Photography started in black and white—so why, with digital cameras and the general advancement of equipment, does it feel so difficult to capture a great black and white landscape photographs with even a fraction of the greatness that Ansel Adams or other great black and white photographers achieved with film? Great black and white photographs aren’t just the results of great black and white conversions. To really capture stand-out black and white photography landscape shots, the photographer needs to see in shades of gray—or imagine how the photo will look in monochrome. That’s the key because fancy black and white editing tricks won’t get you there if the shot’s not right in the first place. That’s the art form of black and white photography.
Landscapes make great black and white photographs–but only if you shoot them right in the first place. Here’s are some black and white photography tips because great monochrome shots are a fine art that start well before the Photoshop conversion or any other post-processing.
Viewing a color scene and imagining it as a black and white photograph is a difficult task to master and one that only comes with practice. But, you can grasp the black and white vision a bit earlier by setting your camera style to monochrome, which will allow you to view the photos on the LCD screen in black and white. (Nikon calls this Picture Control, Canon refers to it as Picture Style.) If you have an electronic viewfinder, you can view the scene in black and white as you shoot by setting the style in camera.
One more thing—make sure you are using RAW format. While the picture mode will show you how the photo could look in black and white, using RAW format file will capture color images and give you the most control over converting the image to black and white. So why use picture controls if you get a color photo anyways? It’s a great teaching tool to help learn how to view the scene in black and white. With enough practice, you can view a subject and know right away whether it will make a great black and white shot or not.
Without color to draw the eye, a lot of black and white photos simply look flat. That’s because great black and white images need a lot of contrast. The kind of contrast created in Photoshop isn’t as great as contrast that already exists in the scene. The easiest way to find great contrast is to look for light. While an overcast day may be great for color shots, sunny days and a blue sky mean more contrast, which is great for black and white. Look for patches of light streaming through the clouds, or areas with both light and shadows. Interesting lighting plays make for the best black and white photos.
Of course, contrast can also be created through different colors, but that’s tougher than it seems. Red and green, when converted to black and white, appear very similar. A field of red wildflowers isn’t going to make a great black and white landscape, because the reds and greens of the flower will blend together. Instead of looking at color, look at shades. A mint green will have a lot of contrast next to a hunter green.
Texture looks amazing in black and white photography. In fact, monochrome brings out textures that aren’t as noticeable in color. Look for objects with a lot of texture as you consider what to include in your photo and what to leave out. Shooting black and white landscapes is a great way to uncover textures in unusual places. A cloudless sky just becomes a gray mass, but cloudy skies instantly add texture to landscapes in black and white. Rocks, tree bark, clouds—the sky is the limit (pun intended). This can also be applied to other forms of photography such as portrait photography.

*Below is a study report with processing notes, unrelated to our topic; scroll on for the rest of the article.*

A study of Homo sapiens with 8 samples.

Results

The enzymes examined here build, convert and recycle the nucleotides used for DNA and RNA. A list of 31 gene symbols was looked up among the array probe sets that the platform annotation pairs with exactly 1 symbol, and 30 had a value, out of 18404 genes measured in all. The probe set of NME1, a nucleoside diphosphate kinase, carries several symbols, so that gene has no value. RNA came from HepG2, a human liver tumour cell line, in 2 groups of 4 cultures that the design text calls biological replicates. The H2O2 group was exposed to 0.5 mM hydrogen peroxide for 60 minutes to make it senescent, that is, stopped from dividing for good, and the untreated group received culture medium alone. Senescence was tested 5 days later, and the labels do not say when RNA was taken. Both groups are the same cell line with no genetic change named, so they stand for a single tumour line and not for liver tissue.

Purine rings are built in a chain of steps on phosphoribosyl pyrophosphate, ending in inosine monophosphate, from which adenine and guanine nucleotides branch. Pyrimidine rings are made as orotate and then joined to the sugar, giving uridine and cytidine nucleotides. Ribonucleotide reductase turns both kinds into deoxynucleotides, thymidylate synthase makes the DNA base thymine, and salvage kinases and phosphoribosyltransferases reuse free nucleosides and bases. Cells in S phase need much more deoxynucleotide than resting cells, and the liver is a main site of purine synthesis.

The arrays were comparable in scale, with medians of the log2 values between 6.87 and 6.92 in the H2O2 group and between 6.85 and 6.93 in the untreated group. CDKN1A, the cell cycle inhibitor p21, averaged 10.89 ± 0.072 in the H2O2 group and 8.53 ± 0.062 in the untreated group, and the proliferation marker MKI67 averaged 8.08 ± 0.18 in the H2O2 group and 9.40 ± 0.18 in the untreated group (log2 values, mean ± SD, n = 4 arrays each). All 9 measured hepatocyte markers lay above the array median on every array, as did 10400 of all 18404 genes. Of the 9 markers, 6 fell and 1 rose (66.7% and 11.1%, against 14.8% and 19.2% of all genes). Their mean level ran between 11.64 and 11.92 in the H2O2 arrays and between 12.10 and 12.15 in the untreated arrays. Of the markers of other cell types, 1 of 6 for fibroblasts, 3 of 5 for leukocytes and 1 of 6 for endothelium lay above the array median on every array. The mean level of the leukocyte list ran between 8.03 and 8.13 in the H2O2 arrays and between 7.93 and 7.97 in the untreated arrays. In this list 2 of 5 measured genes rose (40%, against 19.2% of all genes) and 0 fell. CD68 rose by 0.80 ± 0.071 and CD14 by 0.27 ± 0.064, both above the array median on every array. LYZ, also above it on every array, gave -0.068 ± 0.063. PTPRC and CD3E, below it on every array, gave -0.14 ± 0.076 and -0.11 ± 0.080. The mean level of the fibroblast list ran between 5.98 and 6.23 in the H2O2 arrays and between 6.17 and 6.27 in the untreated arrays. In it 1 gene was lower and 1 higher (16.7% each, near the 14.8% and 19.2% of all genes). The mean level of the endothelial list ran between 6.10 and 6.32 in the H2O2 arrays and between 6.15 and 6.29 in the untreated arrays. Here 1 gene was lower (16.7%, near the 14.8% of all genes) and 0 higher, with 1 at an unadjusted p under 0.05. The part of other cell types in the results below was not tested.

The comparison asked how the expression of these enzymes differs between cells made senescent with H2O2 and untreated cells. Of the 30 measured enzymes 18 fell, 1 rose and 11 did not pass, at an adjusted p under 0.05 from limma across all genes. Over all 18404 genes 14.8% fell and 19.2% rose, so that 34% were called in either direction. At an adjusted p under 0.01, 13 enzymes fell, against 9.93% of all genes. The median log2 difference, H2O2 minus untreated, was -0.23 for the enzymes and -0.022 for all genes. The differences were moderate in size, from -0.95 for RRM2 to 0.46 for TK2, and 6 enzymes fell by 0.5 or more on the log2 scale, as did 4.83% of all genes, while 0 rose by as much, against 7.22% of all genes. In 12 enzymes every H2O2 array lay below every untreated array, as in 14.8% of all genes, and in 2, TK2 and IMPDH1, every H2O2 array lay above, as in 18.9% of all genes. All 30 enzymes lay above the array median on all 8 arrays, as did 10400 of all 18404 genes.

Along with texture, black and white photography is an excellent example of a way to emphasize shape and pattern. Without the color to distract, patterns become much more obvious. Something as simple as three trees in a row creates a pattern. Use patterns and shape as a compositional tool for black and white landscape photography, and you’ll find your black & white photography shots are much more interesting.
Some scenes don’t always lend themselves to great shapes or patterns. Another way to add interest to a black and white landscape photo is to include a foreground element. Adding a prominent object in the front of the image instantly creates a sort of leading line effect, even if that object isn’t actually a line. Rocks and foliage can work well, but there are certainly many more options. The best photographers (think National Geographic) often use the foreground as an opportunity for creating something special.
While polarizing filters are traditionally used for enhancing or eliminating reflections, they can also play up the contrast in a black and white landscape shot. Polarizing filters can be used in color photography to play up a blue sky—when those color photos are converted to black and white, that extra blue boost in the sky results in a greater contrast. By twisting the front piece of the filter, you can fine-tune the contrast between different colors in the shots for better black and white conversions later on.
While black and white photography plays homage to traditional black and white film, it’s actually trickier to capture, because without color, the image relies heavily on great composition and contrast. Learn how to recognize great black and white photos by shooting in RAW with the image styles set to monochrome, so you capture it in color but see it in black and white as you shoot. Look for light, contrast, texture shapes and patterns to use to your advantage. Foreground elements also work well in black and white. Adding a polarizing filter will also lead to better black and white conversions later by enhancing the contrast in a shot. Capturing the best black and white images isn’t an easy task, but when done right, the results are well worth the effort.